In an online world, many terms get thrown around. One of the most common would be the SSL certificate. But what exactly is it? The abbreviation SSL stands for Secure Socket Layer. In really simple terms, it is one of the ways of ensuring a website is secure for its users. For those interested in more complex terms, an SSL certificate is a data file that authenticates the website’s origin server and encrypts website user data such as logins, credit card details, etc between the server and the web browser. There are quite a number of things that happen behind the scene while the SSL certificate is working. Generally, it is always advised to get one for your website.
Why you need an SSL certificate?
As the brief introduction above explained, the main reason to get an SSL certificate for your website is security. Hacking is the digital way of breaking and entering. Although there are several ways to get hacked, having an SSL certificate is one way to deter a hacker. The second reason is reputation. No one likes visiting a website only to receive a warning that the website is insecure and their information could be stolen. Your business reputation gets hurt even more if you have an e-commerce site where you expect people to pay online. Through an insecure connection? C’mon!
In February of 2020, Google announced that it will gradually start blocking downloads from websites without an SSL certificate. Secure websites have also been found out to rank better than websites without an SSL certificate, meaning having an SSL certificate can help improve your SEO.
You can tell if a website has an SSL certificate just by checking the URL. Modern websites will show a padlock just at the beginning of the URL to show the website has an SSL certificate. If the padlock isn’t there, the website might be insecure. Some browsers also show ‘https://’ at the start of the URL. If you check and instead see ‘http://’, that’s a red flag and the browser will probably also show you a warning.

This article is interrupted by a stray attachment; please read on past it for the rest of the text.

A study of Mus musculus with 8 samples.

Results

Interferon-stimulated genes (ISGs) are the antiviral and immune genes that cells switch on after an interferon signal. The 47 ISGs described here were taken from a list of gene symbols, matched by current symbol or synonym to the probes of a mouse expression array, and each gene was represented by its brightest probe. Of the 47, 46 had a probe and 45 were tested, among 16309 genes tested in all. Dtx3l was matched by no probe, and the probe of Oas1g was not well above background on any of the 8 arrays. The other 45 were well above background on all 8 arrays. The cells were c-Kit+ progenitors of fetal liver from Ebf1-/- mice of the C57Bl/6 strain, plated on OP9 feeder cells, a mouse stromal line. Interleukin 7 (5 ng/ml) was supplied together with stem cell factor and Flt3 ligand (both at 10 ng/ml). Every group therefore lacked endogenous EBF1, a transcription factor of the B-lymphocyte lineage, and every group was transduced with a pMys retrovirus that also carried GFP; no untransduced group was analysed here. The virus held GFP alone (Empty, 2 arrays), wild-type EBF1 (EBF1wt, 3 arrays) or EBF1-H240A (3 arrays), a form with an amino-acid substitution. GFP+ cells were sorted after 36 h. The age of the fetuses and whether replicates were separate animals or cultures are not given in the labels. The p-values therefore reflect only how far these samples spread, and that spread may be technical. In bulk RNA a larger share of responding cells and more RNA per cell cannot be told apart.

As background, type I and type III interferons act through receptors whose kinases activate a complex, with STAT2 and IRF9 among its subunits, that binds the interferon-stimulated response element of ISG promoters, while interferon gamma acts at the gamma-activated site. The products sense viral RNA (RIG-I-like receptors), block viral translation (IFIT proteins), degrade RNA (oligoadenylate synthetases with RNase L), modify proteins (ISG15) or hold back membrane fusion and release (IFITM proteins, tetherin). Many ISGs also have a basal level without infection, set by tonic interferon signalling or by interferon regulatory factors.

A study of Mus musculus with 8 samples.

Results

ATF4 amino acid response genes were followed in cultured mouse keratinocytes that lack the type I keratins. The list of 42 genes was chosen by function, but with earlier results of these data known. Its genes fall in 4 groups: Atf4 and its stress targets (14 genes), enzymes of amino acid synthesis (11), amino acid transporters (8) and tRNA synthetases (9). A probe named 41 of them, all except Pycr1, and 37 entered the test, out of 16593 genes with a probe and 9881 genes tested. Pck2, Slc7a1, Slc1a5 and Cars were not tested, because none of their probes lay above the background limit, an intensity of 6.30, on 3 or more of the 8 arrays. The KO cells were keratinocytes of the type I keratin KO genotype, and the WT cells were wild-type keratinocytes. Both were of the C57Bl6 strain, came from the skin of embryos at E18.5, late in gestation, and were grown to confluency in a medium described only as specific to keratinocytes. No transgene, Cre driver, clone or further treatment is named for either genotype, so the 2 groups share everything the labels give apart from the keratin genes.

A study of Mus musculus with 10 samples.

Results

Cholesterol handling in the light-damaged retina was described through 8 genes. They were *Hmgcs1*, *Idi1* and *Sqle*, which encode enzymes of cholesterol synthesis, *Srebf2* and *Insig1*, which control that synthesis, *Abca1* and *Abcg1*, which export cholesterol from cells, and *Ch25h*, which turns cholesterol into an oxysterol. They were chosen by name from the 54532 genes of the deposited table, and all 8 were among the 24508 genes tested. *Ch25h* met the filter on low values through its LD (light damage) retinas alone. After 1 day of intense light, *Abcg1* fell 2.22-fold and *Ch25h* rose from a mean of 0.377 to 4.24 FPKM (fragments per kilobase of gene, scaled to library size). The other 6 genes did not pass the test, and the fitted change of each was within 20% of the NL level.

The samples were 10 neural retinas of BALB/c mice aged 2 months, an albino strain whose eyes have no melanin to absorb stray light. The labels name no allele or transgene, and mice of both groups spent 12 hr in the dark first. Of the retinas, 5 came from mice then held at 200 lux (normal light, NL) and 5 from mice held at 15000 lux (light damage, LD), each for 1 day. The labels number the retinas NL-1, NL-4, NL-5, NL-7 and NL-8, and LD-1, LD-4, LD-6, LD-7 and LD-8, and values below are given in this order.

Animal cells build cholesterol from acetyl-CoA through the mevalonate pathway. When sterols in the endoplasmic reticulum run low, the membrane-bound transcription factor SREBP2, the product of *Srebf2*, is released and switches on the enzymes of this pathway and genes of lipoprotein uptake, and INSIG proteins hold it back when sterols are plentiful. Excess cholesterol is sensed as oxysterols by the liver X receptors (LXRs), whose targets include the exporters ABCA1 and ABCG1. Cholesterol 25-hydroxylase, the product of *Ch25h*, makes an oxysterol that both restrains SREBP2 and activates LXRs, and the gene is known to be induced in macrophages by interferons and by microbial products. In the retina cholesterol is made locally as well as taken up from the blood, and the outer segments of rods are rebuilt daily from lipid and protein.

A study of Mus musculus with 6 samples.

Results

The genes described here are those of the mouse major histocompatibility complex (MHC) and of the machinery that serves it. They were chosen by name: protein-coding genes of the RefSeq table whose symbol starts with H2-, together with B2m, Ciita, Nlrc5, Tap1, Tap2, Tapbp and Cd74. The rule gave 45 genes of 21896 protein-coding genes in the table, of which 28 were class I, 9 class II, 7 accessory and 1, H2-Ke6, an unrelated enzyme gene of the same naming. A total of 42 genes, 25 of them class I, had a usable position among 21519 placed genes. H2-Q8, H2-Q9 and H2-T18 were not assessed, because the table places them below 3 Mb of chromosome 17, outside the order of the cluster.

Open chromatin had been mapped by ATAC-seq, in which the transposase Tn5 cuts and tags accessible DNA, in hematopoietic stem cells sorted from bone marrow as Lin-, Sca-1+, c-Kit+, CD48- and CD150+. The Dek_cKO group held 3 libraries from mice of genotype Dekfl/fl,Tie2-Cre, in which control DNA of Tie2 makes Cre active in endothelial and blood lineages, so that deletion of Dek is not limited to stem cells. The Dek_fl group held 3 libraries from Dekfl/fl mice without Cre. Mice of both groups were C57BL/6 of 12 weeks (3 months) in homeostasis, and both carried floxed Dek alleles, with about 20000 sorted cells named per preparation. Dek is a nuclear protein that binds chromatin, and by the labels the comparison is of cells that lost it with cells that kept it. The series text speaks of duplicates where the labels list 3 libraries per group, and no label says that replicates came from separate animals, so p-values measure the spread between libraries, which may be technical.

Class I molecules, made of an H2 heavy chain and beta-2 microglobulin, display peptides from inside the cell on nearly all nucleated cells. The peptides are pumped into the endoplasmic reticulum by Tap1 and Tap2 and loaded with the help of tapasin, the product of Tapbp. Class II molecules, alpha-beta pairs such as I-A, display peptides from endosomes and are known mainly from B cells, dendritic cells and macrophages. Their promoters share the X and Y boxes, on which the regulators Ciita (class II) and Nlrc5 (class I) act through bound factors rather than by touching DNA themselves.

Types of SSL certificates
- Single domain SSL certificates – these certificates cover only a single domain. The advantage of this type of SSL certificate is its cost. They are probably the cheapest out there. However, their disadvantage is just as I have mentioned, they cover only one domain. So if you have subdomains they won’t be covered with this SSL certificate.
- Wildcard SSL certificates – these certificates are like extended versions of the single-domain SSL. They differ in that they can secure subdomains. They tend to cost slightly more than their single domain counterparts but offer more flexibility.
- Multi-domain SSL certificates – These certificates offer the best option for someone with several domains under their name. Rather than have one single-domain SSL certificate for each of your websites, you can get just one of these certificates and it will improve your website security. You’ll have to keep in mind that these types of SSL certificates cost quite a bit and the cost implications make sense only if you have several websites.
If you have a website or are looking to get a website, having an SSL certificate is a no-brainer. Any future websites you get should also have an SSL certificate. It greatly enhances the website security of not only the business but also the website security of your customers.
If you currently don’t have an SSL certificate for your website, you can have a look at these SSL certificate prices and choose one based on your needs.